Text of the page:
We can quit complaining now about how early some breweries rolled out their Oktoberfest beers.
Oktoberfest begins in Munich tomorrow. The Big One. About seven million people will visit during the next two weeks.
Oktoberfests across the U.S. during the next month (some even in October) will attract more in total. There’s something about them, don’t you think? Here in St. Louis, Urban Chestnut Brewing and Schlafly (Saint Louis Brewery) and hold their first co-celebration this weekend at Urban Chestnut. Next month’s Soulard Oktoberfest is the big one in these parts, with multiple tents, multiple bands (including once again Brave Combo, who seem to be on sort of an Oktoberfest trail), multiple vendors.
Beer is pretty much an essential element, although for years Cullman, Alabama, held a beer-free Oktoberfest.
Anyway, here are a few photos from when we visited the Cannstatter Volkfest in Stuttgart in 2008. Imagine the Wisconsin State Fair without the agricultural displays but a lot more beer. It’s billed as the second largest beer festival in the world, smaller than only Munich’s. As in Munich just a few local breweries sell beer. Unlike Munich, most are not beers available internationally, or even nationally. And the breweries offer more than a single festbier in their respective tents. You can cleanse your palate with a pils distinctively more bitter than you usually find nearby in Bavaria or choose a refreshing weisse beer to wash down typical Swabian dishes.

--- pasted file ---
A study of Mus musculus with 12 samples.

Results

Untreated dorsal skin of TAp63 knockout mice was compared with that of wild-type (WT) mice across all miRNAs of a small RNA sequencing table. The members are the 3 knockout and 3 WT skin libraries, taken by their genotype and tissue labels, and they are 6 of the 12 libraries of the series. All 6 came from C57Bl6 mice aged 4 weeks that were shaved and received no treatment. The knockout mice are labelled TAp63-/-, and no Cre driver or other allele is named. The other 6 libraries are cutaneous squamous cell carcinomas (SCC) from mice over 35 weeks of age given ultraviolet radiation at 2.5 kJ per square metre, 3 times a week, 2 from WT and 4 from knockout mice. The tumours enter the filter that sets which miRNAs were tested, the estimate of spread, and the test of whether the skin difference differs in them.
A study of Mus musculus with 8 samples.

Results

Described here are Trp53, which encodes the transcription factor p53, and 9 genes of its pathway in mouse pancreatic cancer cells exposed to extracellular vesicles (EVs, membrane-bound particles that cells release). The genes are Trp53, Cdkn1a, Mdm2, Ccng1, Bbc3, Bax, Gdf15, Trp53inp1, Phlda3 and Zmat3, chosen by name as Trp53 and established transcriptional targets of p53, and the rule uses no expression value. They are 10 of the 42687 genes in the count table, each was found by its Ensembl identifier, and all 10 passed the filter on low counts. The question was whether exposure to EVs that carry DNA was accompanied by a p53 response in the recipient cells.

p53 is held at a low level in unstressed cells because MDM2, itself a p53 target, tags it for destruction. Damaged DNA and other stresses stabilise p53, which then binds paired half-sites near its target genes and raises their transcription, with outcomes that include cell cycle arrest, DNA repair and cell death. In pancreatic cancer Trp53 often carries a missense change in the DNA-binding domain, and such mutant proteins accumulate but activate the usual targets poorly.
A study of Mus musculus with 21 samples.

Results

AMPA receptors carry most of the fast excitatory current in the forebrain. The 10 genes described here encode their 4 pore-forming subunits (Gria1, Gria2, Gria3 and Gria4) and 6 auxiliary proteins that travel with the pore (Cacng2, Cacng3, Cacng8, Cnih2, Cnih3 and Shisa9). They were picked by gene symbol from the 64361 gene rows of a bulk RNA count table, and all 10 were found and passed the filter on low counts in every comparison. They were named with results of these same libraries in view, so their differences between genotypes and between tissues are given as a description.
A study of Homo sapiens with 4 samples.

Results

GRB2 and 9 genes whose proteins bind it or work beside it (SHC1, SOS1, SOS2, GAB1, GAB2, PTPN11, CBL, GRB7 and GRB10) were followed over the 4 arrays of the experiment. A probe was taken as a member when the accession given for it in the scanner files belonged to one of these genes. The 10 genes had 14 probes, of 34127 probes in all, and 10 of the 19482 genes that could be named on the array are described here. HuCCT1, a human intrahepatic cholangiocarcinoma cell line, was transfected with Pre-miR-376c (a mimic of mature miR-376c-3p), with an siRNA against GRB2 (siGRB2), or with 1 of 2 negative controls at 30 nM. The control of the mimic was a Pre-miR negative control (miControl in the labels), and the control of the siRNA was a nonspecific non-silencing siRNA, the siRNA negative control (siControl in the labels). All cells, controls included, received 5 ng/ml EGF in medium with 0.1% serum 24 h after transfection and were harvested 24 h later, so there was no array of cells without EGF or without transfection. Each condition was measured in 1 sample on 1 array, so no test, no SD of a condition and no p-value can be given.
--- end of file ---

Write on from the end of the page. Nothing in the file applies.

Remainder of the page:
The festival began in 1818, occurs annually at about the same time as the Munich celebration, and attracts four million visitors over the course of two weeks. Three of the beer tents accommodate 5,000, and smaller ones pack in thousands. Outside food and crafts vendors share the midway with rides more impressive than those at the average U.S. state fair or seaside boardwalk, witness the photo at the top.
Those are young Germans — you know, the ones who no longer find beer relevant — standing on benches lining long beer tables, hoisting one-liter mugs, banging them together, singing along to songs like “YMCA” and boogying big time.
Earlier in the day we listened to brass bands like those you’d hear at Americanized Oktoberfest celebrations, playing traditional German tunes. After about every fourth song the afternoon bands stopped to sing “Ein Prosit” and lead thousands of revelers in a toast. Ohlala-Partyband, the group on the stage when the drinkers were on the benches, followed the same formula, but then quickly returned to belting out another pop song that doesn’t sound all that different in German.